Tsavo lions have long been notoriously known as man-eaters. Smaller than their Mara brethren, Tsavo lions have smaller manes or no manes at all thanks to their harsher environment. While most lion prides will have a large number of females with a pair of males among them, Tsavo lion groups are smaller, with only one male claiming breeding rights.
As the slave trading roads developed through Tsavo, many traders pushed their captives hard across the barren wasteland. When a slave died, they were simply left behind, becoming an ample meal for scavenging predators. Many believed this gave the Tsavo lions an early taste for human flesh, one that would stay with them for the incoming British in the late 19th-century.
Soon after Lieutenant Colonel John Henry Patterson arrived to lead the construction of a railroad bridge in 1898, lion attacks ravaged his worker's camp. Striking in the night, a pair of lions with a seemingly insatiable appetite stalked the builders. Screams could be heard in the dead of night as these ferocious predators pulled men from their tents into the wilderness.
Some accounts state that 135 people were eaten by the two lions that year, but company reports place the official figure closer to around 40. This figure, however, didn't account for any nearby villagers that may have been killed by the lions, making the true number a mystery.
The terrified villagers gave the lions the names, The Ghost and The Darkness.
Lieutenant Patterson, who had hunted tigers in India, was put in charge of stopping the lion's massacre. He erected thorn barriers,
lit bonfires at night, and enacted curfews, but the attacks only seemed to get worse. The workers grew increasingly superstitious and mutinous.
In December 1898, Patterson’s changed his approach. Summoning the workmen at their camp to gather tin cans and noisy instruments, he had them form a semicircle and advance into the bush. Patterson positioned himself behind an ant hill and waited for the lion to walk past. The lion came within 15 yards of his position, but Patterson's double-barreled rifle misfired. Flustered, he hadn't fired the left barrel, but the noise created by the workmen had disoriented the lion, giving Patterson enough time to shoot again. This shot hit its target but didn't kill or wound the lion.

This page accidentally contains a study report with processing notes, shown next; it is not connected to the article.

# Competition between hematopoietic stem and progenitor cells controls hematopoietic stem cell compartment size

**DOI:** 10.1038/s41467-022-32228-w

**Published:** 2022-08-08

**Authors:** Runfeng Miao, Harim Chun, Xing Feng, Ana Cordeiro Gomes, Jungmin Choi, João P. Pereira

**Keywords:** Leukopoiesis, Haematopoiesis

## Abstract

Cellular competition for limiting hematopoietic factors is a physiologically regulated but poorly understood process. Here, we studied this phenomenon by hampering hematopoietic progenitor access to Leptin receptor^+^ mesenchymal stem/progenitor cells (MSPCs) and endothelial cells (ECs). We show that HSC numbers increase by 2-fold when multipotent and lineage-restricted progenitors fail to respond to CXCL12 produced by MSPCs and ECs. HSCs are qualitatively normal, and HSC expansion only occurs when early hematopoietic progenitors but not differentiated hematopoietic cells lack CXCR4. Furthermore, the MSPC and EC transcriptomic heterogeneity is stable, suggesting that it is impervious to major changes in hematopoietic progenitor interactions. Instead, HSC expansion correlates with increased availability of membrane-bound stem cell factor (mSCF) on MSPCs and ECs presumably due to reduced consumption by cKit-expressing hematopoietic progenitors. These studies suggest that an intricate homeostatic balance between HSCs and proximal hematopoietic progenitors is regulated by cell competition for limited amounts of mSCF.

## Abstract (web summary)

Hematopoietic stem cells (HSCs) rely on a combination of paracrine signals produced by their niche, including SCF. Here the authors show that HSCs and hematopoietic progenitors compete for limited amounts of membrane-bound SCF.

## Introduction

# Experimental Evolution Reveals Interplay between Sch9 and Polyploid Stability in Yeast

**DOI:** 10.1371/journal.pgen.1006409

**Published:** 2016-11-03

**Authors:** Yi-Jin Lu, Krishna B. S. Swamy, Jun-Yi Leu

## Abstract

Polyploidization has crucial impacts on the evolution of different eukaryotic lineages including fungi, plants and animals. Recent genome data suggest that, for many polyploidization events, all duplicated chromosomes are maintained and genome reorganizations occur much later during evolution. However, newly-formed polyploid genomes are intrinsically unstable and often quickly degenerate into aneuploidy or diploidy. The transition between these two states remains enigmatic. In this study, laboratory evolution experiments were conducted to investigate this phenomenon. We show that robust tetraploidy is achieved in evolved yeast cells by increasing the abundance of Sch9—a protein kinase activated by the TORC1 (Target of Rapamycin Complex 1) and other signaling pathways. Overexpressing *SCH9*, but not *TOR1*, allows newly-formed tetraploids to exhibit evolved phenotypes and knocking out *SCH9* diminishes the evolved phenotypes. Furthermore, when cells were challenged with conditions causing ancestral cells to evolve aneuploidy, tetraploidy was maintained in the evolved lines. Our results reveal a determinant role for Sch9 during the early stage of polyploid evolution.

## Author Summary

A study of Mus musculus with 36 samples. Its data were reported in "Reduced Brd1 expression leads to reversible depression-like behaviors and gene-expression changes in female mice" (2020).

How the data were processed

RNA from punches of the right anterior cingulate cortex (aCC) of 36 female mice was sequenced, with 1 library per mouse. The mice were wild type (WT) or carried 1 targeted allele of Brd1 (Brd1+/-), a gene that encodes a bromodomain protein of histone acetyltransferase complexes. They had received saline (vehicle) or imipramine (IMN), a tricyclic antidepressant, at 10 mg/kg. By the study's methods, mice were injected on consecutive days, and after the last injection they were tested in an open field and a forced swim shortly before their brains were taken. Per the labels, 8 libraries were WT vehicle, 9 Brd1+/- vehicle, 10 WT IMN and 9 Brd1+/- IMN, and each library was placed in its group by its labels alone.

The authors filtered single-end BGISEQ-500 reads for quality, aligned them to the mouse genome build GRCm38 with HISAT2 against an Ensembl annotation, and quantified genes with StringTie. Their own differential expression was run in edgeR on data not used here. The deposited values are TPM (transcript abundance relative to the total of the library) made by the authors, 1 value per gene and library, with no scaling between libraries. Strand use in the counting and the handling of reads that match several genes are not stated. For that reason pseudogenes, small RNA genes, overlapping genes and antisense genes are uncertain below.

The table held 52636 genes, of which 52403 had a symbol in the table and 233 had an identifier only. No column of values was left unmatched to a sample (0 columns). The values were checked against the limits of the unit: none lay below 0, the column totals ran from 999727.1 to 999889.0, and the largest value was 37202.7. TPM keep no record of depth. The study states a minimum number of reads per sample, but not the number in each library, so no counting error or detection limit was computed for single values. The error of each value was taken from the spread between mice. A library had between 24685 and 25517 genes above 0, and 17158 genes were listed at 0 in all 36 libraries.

The following evening, Patterson built an improvised treestand with a chair perched above the ground and set a dead donkey carcass as bait. Armed with his huge rifle, he killed the first man-eater with two bullets.
The second man-eater's death was perhaps even more dramatic. Patterson used goats as bait, but in the pitch dark, he fired bullets wildly.
He set up another blind above goats and waited again. When the lion approached, he fired his smoothbore and connected. The lion dashed into the bush and died.
When the story got out, Patterson became an international hero and restoring faith in his workers the construction of the bridge continued.
The lions were stuffed, eventually making their way to Chicago's Field Museum of Natural History.
At the time, much romance and superstition were used to explain the Tsavo man-eaters' behavior. An incorrigible appetite or taste for human blood was chief among Patterson's own account of the animals' reasoning. He surmised that the careless burial practices in the region had meant the lions often scavenged human remains, enticing them to dine on humans.
Since the lions' remains were preserved, scientists have been able to examine their mouths and discovered that damaged jaws may have accounted for their behavior. With evidence of an abscessed tooth, they believe one of the lions may have had trouble hunting larger prey, and might have been forced to raid the camps for food.